PM says UK ‘not short of options’ despite EU satellite shutout

Written by Sam Trendall on 4 December 2018 in News
News

Theresa May says government will press ahead with development of sat nav system in light of continued impasse over UK’s involvement in Galileo programme

The UK is to press on with plans to build its own satellite navigation technology after being unable to reach a satisfactory agreement with the European Commission over post-Brexit access to the EU Galileo satellite system.  

Since its conception almost 20 years ago, the UK has contributed about £1.2bn to the development of Galileo. The programme is already about halfway towards its ultimate goal of having 30 satellites in orbit by 2020 (illustrations of which are pictured above).

But the UK and EC have been in dispute in recent months about the extent of the UK’s continued involvement in the project once the country has left the European Union. The commission has maintained that the UK should not be allowed to continue to work on the development of Galileo’s encrypted navigation system – for use by the military and emergency services – which is due for launch in 2026.



The country will, instead, begin explorations for developing its own sat nav system – while continuing to use the US-developed GPS system.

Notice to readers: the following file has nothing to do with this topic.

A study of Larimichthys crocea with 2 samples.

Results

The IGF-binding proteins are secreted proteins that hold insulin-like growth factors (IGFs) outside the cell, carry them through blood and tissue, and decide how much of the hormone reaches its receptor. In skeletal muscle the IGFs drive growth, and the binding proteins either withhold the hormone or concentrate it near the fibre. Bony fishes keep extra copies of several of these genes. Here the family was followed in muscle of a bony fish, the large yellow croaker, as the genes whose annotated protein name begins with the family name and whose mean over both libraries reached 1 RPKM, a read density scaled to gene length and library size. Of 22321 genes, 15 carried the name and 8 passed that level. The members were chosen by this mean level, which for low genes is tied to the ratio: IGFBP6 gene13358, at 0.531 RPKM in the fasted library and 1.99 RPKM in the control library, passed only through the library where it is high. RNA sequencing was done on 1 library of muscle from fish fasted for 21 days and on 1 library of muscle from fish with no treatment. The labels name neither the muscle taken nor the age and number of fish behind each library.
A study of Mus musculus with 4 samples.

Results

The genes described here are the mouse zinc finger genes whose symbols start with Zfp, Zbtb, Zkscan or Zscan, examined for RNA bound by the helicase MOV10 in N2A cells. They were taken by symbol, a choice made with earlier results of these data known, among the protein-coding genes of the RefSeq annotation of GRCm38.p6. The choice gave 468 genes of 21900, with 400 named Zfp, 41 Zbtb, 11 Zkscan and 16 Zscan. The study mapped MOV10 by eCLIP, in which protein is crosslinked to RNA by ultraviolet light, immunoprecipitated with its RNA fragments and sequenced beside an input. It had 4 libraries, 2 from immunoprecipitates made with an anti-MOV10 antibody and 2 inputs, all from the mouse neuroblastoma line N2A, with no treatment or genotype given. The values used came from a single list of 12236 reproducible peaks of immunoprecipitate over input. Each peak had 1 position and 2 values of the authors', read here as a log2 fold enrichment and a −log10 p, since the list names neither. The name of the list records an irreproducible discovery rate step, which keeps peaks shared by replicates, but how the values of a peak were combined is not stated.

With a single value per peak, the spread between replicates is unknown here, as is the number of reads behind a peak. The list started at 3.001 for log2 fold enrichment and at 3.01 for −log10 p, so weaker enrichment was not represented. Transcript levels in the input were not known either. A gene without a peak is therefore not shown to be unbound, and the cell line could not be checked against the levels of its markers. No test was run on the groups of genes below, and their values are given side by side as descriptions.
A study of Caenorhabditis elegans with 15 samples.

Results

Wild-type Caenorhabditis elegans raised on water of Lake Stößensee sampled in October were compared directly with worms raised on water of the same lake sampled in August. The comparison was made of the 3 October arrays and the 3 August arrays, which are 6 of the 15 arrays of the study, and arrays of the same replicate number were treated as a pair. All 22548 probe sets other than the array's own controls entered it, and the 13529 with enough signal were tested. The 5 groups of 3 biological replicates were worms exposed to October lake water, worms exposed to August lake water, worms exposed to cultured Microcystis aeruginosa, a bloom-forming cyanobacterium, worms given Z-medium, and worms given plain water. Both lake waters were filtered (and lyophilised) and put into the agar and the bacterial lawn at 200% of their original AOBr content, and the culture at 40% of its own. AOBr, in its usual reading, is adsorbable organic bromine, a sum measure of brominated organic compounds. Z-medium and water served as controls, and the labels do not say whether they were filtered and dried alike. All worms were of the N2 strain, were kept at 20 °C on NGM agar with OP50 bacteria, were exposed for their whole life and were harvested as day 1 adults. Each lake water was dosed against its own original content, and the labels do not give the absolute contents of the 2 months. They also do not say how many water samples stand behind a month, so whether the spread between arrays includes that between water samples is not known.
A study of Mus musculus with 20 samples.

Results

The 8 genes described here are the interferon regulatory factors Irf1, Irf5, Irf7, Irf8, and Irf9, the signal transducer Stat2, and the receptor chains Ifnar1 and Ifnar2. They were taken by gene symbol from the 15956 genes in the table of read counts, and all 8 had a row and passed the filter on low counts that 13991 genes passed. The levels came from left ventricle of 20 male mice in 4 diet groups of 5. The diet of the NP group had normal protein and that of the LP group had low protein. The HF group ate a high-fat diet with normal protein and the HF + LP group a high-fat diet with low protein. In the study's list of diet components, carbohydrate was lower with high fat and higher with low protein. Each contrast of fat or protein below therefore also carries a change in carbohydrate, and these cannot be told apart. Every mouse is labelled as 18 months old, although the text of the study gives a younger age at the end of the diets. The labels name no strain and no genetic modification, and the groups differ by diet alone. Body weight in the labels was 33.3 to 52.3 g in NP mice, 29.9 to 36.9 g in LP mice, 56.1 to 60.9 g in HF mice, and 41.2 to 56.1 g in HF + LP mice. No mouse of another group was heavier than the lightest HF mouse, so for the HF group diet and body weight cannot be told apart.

“I have been clear from the outset that the UK will remain firmly committed to Europe’s collective security after Brexit,” May added. “But given the commission’s decision to bar the UK from being fully involved in developing all aspects of Galileo it is only right that we find alternatives. I cannot let our armed services depend on a system we cannot be sure of. That would not be in our national interest. And as a global player with world-class engineers and steadfast allies around the world, we are not short of options.”

The PM announced earlier this year that the government had set aside a contingency fund of £92m to support the early development of a UK satellite system. The government claimed that, following this announcement, more than 50 UK companies “have expressed interest in the project and a series of key contracts are now being tendered”.

Any system developed in the UK must be compatible with GPS, May said, and the necessary physical infrastructure for a sat nav will be located across the UK’s various overseas territories and crown dependencies.